Review: The Lost Symbol

In Arts & Entertainment

By Maureen Fox
Daily Titan Staff Writer

Dan Brown doesn’t disappoint in his new thriller The Lost Symbol, but he does leave you scratching your head. In his third book featuring the adventures of Harvard symbologist Robert Langdon, Brown whisks his readers away from the art of Europe and into the heart of Washington D.C. and the strange history of Masonic society.

In The Lost Symbol, Robert Langdon arrives at the U.S. Capitol expecting to present a lecture for his dear friend Peter Solomon, a high-order Mason. But to his horror, Langdon discovers his friend has been kidnapped by a violent mystic occultist intent on uncovering the greatest of the Mason legends and destroying the Masons forever. With the help of the CIA, Solomon’s sister and the Masons themselves, Langdon must rescue Peter and prevent the greatest of Masonic wisdom from falling into the wrong hands.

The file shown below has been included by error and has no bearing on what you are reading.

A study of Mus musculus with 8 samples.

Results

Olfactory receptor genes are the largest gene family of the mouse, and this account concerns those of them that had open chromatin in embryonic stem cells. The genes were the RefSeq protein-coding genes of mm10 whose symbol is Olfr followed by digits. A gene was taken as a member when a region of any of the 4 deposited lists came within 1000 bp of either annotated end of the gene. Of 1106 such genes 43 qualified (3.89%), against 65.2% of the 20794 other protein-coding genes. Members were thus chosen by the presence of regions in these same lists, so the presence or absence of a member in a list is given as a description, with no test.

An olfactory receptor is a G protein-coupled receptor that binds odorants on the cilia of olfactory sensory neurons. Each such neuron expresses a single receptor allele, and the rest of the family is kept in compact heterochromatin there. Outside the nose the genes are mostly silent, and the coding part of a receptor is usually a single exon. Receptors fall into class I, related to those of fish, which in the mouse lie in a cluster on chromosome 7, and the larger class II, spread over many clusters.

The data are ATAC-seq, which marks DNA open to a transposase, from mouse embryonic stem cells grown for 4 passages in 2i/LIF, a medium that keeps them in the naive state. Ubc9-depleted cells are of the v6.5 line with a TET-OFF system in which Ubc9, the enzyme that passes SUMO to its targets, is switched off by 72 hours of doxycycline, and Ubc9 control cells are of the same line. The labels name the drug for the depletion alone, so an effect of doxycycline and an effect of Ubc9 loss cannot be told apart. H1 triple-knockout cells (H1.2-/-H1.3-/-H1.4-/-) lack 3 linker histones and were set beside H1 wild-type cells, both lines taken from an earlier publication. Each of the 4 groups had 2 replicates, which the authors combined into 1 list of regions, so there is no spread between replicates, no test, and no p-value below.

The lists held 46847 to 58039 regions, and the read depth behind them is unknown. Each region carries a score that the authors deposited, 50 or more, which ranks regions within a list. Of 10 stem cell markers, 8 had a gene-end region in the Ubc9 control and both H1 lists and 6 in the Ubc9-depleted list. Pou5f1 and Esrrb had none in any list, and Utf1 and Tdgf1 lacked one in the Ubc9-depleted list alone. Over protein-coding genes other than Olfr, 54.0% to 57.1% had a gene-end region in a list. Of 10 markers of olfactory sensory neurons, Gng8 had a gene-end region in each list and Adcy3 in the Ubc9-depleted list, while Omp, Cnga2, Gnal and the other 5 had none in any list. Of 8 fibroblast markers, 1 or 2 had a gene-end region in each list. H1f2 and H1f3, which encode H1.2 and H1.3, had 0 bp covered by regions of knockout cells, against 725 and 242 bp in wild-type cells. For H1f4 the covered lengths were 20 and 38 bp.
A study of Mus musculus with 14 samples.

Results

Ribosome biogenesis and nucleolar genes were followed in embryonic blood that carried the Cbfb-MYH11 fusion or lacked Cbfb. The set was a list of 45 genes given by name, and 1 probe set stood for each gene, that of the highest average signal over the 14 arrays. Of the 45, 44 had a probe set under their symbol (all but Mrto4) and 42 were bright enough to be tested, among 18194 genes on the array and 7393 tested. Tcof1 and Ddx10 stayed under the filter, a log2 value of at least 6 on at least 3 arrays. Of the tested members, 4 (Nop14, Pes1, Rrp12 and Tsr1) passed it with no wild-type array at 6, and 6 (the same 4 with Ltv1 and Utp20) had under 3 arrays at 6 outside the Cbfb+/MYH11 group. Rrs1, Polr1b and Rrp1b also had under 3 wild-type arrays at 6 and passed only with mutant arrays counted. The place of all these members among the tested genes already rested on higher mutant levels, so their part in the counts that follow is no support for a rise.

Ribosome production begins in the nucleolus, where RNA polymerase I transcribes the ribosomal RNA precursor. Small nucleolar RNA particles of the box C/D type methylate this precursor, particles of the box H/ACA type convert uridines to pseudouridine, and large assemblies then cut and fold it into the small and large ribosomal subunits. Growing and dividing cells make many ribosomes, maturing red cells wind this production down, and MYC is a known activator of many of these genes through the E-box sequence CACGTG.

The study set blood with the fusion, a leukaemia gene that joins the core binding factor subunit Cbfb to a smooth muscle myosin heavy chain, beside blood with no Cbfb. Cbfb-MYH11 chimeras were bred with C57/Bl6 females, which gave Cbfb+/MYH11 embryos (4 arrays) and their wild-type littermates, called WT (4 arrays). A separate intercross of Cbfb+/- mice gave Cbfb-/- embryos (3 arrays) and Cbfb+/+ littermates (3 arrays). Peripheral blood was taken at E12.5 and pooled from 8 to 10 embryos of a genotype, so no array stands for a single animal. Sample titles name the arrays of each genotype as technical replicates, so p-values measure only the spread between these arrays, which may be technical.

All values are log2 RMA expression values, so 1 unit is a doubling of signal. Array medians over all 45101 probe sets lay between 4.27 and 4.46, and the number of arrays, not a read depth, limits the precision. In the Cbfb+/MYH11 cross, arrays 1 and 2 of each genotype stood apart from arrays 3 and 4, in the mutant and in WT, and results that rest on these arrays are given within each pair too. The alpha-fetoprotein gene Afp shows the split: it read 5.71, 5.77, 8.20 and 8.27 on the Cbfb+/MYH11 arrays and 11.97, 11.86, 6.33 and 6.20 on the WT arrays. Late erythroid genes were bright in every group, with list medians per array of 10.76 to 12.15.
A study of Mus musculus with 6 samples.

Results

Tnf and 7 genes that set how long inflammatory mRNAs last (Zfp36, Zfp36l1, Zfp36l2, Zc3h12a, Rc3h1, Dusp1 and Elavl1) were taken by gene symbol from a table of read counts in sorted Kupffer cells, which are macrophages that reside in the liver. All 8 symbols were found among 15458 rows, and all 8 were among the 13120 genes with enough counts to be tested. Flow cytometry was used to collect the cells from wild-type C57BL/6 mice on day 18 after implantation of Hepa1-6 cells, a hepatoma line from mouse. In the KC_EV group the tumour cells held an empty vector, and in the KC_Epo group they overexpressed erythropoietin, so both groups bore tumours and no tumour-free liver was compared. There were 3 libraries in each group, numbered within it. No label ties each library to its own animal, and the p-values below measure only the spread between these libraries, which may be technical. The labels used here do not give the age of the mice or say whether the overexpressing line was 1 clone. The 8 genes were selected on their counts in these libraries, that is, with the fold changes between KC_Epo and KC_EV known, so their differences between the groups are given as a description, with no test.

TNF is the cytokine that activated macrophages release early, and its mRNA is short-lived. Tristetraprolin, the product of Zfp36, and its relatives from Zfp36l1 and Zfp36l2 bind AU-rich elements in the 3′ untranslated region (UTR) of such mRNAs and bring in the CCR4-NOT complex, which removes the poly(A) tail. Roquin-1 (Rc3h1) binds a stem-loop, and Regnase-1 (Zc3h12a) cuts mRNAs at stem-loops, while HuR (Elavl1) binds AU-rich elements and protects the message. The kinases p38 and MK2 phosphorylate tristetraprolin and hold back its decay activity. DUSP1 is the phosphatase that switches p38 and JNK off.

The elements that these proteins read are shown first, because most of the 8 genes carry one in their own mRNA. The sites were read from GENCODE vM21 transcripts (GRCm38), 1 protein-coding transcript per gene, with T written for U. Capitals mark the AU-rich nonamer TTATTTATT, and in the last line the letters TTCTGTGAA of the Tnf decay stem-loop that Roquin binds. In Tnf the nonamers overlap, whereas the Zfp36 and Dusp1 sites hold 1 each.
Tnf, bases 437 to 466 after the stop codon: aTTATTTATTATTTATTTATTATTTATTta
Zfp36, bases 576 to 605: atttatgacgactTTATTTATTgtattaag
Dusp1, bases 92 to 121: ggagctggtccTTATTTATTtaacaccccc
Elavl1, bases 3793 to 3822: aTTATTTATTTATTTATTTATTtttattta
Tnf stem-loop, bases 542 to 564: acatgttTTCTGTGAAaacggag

The book falls short of rivaling the shock and controversy of The Da Vinci Code, but it is still a thrilling page turner that gives you plenty to think about. The Lost Symbol contains more theories and philosophies than Langdon’s previous exploits, but continues Brown’s focus on illuminating the world around you. Once again, Brown fills the book with fun facts that will help you win Jeopardy! and throws in plenty of surprises – including one incredible jaw-dropping twist. And while a few explanations are a stretch, you accept them because it is Dan Brown, who makes even the most unbelievable possible. He also creates brilliant characters, including a few you love to hate, and throws in some humor to offset the serious tone.

The story’s scientific and religious theories could cause some heated discussion, but Brown moves into new territory, validating religion and faith instead of breaking it down like in his previous novels. The final chapter leaves you contemplating philosophy and pondering your own level of enlightenment.

While less gripping than The Da Vinci Code, Brown has still produced an entertaining and thoughtful read.